Back pain is considered chronic if it lasts three months or longer.
It can come and go, often bringing temporary relief, followed by frustration.
Dealing with chronic back pain can be especially trying if you don’t know the cause.
Common Causes of Chronic Back Pain
Chronic back pain is usually age-related, but can also result from a prior injury. The most common causes include:
1. Arthritis of the spine —the gradual thinning of the cartilage inside the spine
2. Spinal stenosis —narrowing of the spinal canal that may lead to nerve pain
3. Disc problems, such as a herniated or bulging disc
4. Myofascial pain syndrome—unexplained muscle pain and tenderness
In some cases, it’s difficult to pinpoint the cause of chronic back pain.
Seek second opinion
If your doctor has exhausted all diagnostic options, it’s time to seek a second opinion from a back pain specialist.
It’s important not to make rushed decisions or undergo extensive medical procedures until the origin of the pain is found.
Not only may they not help; they could make the pain worse.
If the source of the pain is not known or can’t be treated, your best option may be to work with your doctor on reducing the flare-ups and making the pain manageable with nonsurgical treatments.
Here are 5 nonsurgical treatments to relief chronic back pain.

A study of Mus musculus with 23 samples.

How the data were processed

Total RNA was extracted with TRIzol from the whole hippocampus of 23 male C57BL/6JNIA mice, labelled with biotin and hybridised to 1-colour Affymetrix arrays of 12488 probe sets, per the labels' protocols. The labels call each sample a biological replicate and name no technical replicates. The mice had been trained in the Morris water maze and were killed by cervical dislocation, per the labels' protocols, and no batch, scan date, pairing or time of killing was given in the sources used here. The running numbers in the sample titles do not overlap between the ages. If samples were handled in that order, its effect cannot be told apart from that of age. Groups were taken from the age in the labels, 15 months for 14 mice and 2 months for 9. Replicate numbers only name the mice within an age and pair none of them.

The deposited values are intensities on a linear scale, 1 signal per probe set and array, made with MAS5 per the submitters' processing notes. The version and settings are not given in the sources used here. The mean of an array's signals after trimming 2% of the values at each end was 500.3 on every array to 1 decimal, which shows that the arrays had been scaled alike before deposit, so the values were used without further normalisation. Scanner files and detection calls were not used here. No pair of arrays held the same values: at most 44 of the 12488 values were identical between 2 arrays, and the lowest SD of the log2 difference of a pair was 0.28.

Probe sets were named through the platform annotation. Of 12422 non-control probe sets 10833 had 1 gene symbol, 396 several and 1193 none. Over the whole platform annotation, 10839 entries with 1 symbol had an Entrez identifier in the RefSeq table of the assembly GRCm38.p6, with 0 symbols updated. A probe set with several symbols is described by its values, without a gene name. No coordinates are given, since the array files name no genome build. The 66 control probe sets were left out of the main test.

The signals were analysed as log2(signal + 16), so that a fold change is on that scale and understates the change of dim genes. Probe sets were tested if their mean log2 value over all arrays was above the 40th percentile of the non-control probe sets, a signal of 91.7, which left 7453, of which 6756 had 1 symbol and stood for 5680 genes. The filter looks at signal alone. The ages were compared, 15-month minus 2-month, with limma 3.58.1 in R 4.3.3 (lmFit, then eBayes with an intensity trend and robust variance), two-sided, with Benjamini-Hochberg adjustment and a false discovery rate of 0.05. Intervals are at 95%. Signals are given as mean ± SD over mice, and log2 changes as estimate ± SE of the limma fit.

1. Physical Therapy
Exercise is the foundation of chronic back pain treatment. It’s one of the first treatments you should try under the guidance of your physician and spine physical therapist.
However, the same set of exercises doesn’t work for everyone.
The exercises have to be tailored to your specific symptoms and condition. Maintaining the exercise routine at home is also a big part of success.
Physical therapy for chronic back pain may include:
- Retraining your posture
- Testing the limits of pain tolerance
- Stretching and flexibility exercises
- Aerobic exercises
- Core strengthening
2. Mindfulness and Meditation
Chronic back pain is straining both physically and emotionally.
To manage the frustration, irritability, depression and other psychological aspects of dealing with chronic pain, you may get referred to a rehabilitation psychologist.
This specialist may recommend meditation, yoga, tai chi and other cognitive and relaxation strategies to keep your mind from focusing on pain.
Some diets are highly inflammatory, especially those high in trans fats, refined sugars and processed foods.
Consult with your doctor to see if your diet could be contributing to your chronic back pain and how you could change it.
Maintaining a healthy weight could also help lessen your back pain by reducing the pressure on your spine.
4. Modify Your Lifestyle
When you have chronic pain, it’s important to accept your limitations and adapt.
Listen to your body and learn to pace yourself. Take a break when mowing the lawn, or make several trips when carrying groceries.
Take note of the activities that worsen your pain and avoid them if possible. Not only could this help your back feel better, it could also prevent the underlying condition from advancing.
Another important lifestyle change to try is giving up smoking. Nicotine is scientifically known to accentuate pain and delay healing.